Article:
Diuretics are medicines that help reduce the amount of water in the body. Diuretics are used to treat the buildup of excess fluid in the body that occurs with some medical conditions such as congestive heart failure, liver disease, and kidney disease. Some Diuretics are also prescribed to treat high blood pressure. These drugs act on the kidneys to increase urine output. This reduces the amount of fluid in the bloodstream, which in turn lowers blood pressure. There are several types of Diuretics, also called water pills which includes loop Diuretics, thiazide Diuretics and potassium-sparing Diuretics
Consult your physician periodically while taking Diuretics. This may help you prevent serious side effects. Because Diuretics increase urine output, people who take this medicine may need to urinate more often, even during the night. Health care professionals can help patients schedule their doses to avoid interfering with their sleep or regular activities.
People who take Diuretics may lose too much water or potassium when they get sick, especially if they have severe vomiting and diarrhea. They should check with their physicians if they become ill.
These medicines make some people feel lightheaded, dizzy or faint when they get up after sitting or lying down. Older people are especially likely to have this problem. Drinking alcohol, exercising, standing for long periods or being in hot weather may worsen your problem. Avoid drinking too much alcohol and be careful in hot weather or when exercising or standing for a long time.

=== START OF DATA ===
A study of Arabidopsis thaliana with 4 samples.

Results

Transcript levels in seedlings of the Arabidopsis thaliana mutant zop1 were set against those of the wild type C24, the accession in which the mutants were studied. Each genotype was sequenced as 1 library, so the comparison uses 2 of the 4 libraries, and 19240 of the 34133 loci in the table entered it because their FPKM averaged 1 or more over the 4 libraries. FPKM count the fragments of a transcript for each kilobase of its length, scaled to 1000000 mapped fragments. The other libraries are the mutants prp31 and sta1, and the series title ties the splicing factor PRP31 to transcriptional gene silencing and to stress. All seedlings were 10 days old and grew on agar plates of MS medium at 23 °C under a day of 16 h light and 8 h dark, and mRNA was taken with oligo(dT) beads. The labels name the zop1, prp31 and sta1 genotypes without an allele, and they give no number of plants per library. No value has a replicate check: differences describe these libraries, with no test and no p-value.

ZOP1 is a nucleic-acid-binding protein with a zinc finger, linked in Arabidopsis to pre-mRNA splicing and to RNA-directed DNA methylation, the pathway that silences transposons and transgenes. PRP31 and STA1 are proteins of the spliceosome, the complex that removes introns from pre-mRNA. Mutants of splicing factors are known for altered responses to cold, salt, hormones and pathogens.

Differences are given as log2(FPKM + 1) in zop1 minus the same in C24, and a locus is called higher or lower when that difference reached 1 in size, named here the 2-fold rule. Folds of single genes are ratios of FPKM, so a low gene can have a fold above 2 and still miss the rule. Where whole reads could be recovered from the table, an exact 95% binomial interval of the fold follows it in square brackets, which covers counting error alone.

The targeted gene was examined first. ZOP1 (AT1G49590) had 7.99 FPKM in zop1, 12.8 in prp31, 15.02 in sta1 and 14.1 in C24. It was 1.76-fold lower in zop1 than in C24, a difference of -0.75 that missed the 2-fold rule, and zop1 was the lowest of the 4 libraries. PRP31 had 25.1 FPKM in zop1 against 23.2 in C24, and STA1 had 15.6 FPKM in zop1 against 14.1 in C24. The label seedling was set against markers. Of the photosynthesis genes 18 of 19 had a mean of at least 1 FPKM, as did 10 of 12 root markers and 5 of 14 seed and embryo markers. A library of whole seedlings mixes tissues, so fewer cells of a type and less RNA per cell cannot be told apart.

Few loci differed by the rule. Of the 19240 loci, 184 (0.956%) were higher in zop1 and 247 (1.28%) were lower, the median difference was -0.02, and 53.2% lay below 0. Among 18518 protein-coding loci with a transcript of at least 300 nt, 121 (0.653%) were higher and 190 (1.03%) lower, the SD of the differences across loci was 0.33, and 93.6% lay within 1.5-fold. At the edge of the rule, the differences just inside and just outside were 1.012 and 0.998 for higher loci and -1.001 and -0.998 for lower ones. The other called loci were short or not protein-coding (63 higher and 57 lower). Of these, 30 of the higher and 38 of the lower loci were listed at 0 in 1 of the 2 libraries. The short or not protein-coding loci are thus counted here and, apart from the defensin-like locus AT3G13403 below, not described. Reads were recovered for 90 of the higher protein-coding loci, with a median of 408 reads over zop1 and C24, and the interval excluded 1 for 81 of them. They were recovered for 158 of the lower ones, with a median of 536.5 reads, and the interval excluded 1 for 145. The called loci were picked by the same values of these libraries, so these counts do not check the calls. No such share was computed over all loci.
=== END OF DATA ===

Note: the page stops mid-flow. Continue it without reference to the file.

Some side effects, such as loss of appetite, nausea and vomiting, stomach cramps, diarrhea and dizziness, usually lessen or go away as the body adjusts to the medicine. These problems do not need medical attention unless they continue or interfere with normal activities.
Patients taking potassium-sparing Diuretics should know the signs of too much potassium and should check with a physician as soon as possible if any of these symptoms occur:
- Irregular heartbeat
- Breathing problems
- Numbness or tingling in the hands, feet or lips
- Confusion or nervousness
- Unusual tiredness or weakness
Patients taking Diuretics that cause potassium loss should know the signs of too little potassium and should check with a physician as soon as possible if they have any of these symptoms:
- Fast or irregular heartbeat
- Weak pulse
- Nausea or vomiting
- Dry mouth
- Excessive thirst
Diuretics may interact with other medicines. The drugs that may interact with Diuretics are:
- Angiotensin-converting enzyme (ACE) inhibitors such as Benazepril (Lotensin), Captopril (Capoten) and Enalapril(Vasotec), used to treat high blood pressure. Taking these drugs with potassium-sparing Diuretics may cause levels of potassium in the blood to be too high, increasing the chance of side effects.
- Cholesterol-lowering drugs such as Cholestyramine (Questran) and Colestipol (Colestid). Taking these drugs with
combination Diuretics such as Dyazide and Maxzide may keep the diuretic from working. Take the diuretic at least 1 hour before or 4 hours after the cholesterol-lowering drug.
- Cyclosporine (Sandimmune), a medicine that suppresses the immune system. Taking this medicine with potassium-sparing
Diuretics may increase the chance of side effects by causing levels of potassium in the blood to be too high.
- Potassium supplements, other medicines containing potassium, or salt substitutes that contain potassium. Taking these
with potassium-sparing Diuretics may lead to too much potassium in the blood, increasing the chance of side effects.
- Lithium, used to treat bipolar disorder (manic-depressive illness). Using this medicine with potassium-sparing Diuretics may allow lithium to build up to poisonous.
The list above does not include all the drugs that may interact with Diuretics. Check with a physician or pharmacist before combining Diuretics with any other (over-the-counter) medicine.